From Moss Bluff to Diitabiki and back again
Published 10:34 pm Friday, September 24, 2021
The faith journey of Carmen Miller began at home. It took her to a small country in South America for five years. Now she’s home again, helping care for parents who held nightly family Bible studies and prayer time for three children in the middle of their full-sized bed. The teen-aged Miller who thought she would grow up, get married and have at least eight children is the single 51-year-old chaplain at First Baptist Christian Academy in Moss Bluff where she “talks to children about their heart,” she said.
“I do everything from bandaging a finger to helping them check their heart,” Miller said.
The school has children as young as 2 — there for Mother’s Day Out — up to eighth graders.
“I grew up in church my whole life,” she said. “My parents were Christians, not just church attenders. They served and loved and lived out their belief.”
Miller made a profession of faith (a public declaration) and was baptized when she was 7. On Nov. 29, 1983, she was at a church service at First Baptist Church of Moss Bluff when she sensed God’s presence.
“He said to me, ‘Carmen you know all about me, you know Bible verses and songs, but you don’t know me,’ ” she recalled.
Her prayer was to make Jesus Christ the “boss of her life.”
After getting her Bachelor of Science in radiology at McNeese, she continued to have the feeling that God wanted her to do something for Him. She moved to Memphis to attend seminary. During the day she took classes. She worked full-time at night as an X-ray and lab technician.
“After I graduated in 2000, I still didn’t know what God wanted me to do,” she said.
Friends Charles and Brittany Shirey were missionaries in Suriname. Miller had been on mission trips since her youth. The mission of her church group’s first visit there was to build a radio tower to broadcast Bible stories to the Aukan people in the interior jungle. Ironically, the village witch doctor helped harvest the wood with which the broadcast station would be built. She headed up a medical mission trip with doctors and nurse practitioners.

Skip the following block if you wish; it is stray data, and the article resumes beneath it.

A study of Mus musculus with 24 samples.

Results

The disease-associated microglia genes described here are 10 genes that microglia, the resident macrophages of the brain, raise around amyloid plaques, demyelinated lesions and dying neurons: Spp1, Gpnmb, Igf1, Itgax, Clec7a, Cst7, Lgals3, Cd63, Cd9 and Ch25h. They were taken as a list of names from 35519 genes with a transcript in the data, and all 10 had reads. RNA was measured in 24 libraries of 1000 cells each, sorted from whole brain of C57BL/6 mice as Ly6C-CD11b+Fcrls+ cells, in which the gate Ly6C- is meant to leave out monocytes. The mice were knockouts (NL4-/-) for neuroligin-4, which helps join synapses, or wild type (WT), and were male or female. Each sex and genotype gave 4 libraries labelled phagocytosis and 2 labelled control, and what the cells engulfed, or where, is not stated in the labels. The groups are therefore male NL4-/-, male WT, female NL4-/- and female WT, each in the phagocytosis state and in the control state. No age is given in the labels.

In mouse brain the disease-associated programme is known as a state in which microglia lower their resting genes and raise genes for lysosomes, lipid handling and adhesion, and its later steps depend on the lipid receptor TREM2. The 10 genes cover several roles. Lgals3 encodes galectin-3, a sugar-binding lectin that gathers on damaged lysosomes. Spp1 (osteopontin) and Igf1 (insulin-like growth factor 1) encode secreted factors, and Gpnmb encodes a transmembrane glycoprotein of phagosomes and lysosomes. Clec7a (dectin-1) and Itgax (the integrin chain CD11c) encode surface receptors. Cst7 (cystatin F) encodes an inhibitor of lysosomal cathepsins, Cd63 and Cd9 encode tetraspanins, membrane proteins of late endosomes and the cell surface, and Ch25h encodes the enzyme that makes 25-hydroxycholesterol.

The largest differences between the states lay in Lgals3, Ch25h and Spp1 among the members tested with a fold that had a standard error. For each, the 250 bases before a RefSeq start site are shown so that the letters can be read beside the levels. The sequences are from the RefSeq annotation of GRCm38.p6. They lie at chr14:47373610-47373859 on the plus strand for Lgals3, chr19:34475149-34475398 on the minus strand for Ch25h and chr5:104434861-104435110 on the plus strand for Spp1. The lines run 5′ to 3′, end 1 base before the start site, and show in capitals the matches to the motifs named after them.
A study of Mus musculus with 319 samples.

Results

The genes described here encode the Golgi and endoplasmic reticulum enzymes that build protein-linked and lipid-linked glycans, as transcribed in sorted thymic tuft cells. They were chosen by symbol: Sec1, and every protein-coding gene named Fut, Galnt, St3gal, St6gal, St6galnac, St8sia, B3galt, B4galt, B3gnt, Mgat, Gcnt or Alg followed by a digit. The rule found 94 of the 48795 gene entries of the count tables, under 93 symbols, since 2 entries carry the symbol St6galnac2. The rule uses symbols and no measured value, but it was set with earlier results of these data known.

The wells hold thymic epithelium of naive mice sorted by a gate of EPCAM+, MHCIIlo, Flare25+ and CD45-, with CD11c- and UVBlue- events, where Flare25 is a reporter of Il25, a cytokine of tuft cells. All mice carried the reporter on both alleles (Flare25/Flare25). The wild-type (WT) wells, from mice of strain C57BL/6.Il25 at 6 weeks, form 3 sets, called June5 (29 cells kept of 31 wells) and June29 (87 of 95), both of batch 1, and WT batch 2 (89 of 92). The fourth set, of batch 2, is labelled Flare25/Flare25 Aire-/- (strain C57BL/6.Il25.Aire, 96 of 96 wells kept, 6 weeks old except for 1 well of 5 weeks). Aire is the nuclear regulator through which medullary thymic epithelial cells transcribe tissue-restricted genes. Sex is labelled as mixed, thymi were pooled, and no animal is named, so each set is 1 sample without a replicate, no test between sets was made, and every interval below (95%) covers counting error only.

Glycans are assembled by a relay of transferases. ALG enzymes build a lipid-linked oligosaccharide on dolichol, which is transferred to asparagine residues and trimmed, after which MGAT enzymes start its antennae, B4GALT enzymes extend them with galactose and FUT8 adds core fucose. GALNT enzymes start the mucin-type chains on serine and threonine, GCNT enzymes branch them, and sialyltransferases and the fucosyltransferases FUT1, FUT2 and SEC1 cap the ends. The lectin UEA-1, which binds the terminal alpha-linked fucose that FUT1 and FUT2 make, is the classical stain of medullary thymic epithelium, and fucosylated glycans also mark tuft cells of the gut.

Charles was home on furlough when Miller asked him for help with a project.
“While I was there, he asked me to pray about becoming the chaplain at the school in Suriname.”
When she saw him again, he asked her if she’d been praying and her answer was, she didn’t know what a chaplain did. She couldn’t even know how to spell it. He asked her to pray about it again.
“Something was going on in my heart, some change, and I didn’t know what it was,” she said.
She began to pray. In the midst of trying to memorize the Bible story about Jonah, the reluctant minister who laded in the belly of a whale, she got to the verse, “Now the word of the Lord came to Jonah the second time…”
God was telling her he was giving her a second chance. She didn’t think much of God’s timing, she said with a chuckle; she was memorizing Scripture. It was then she remembered when a word of the Lord came to her the first time. A minister had asked her to be involved in the children’s ministry at his church. She didn’t pray about it. She just told him no. She called Charles.
“I think God wants me to come down there,” she told him.
Her parents weren’t keen on the idea. She wasn’t totally convinced, but a conversation with a friend and mentor Vickie Barto and a verse in the Bible at the right time helped her decide. The verse was Joshua 1:9: “Have I not commanded you? Be strong and courageous. Do not be afraid. Do not be discouraged, for the Lord your God will be with you, wherever you go.”
When she was given the contract to sign and she saw the yearly salary, in black and white, a little more than $7,000, she froze. She knew it would be that amount. But there it was right in front of her in writing.
“My flesh was like, I can’t do this,” she said.
She finally signed, but she was full of doubt. On her way back from pre-field training, she passed under not one, but two overpasses with graffiti that read, “Trust Jesus.”
When Miller returned to Moss Bluff in July of 2013, it wasn’t long before her mother was diagnosed with ovarian cancer. Her mother has had two surgeries and told her family, “Whether God chooses to take me home or walks with me through this, I win either way.”
Her father, always active and hard working, was diagnosed as having Lewy Body Dementia and depends on Miller. She doesn’t think now is the time to inquire about nursing homes. She’s worried that pandemic lock downs could keep her from visits.
“There are days I don’t pass the test,” she said.
On those days, when the load seems heavy, she turns to Psalm 3. One of the verses is, “I lie down and sleep; I wake again, because the Lord sustains me.”
For anyone who has ever felt like God wanted them to do something and they still haven’t figured it out, whether they are 7 or 70, Miller suggests, “Don’t worry so much about what you’re going to do that you’re not about His business right now. He’s planted you where he wants you.”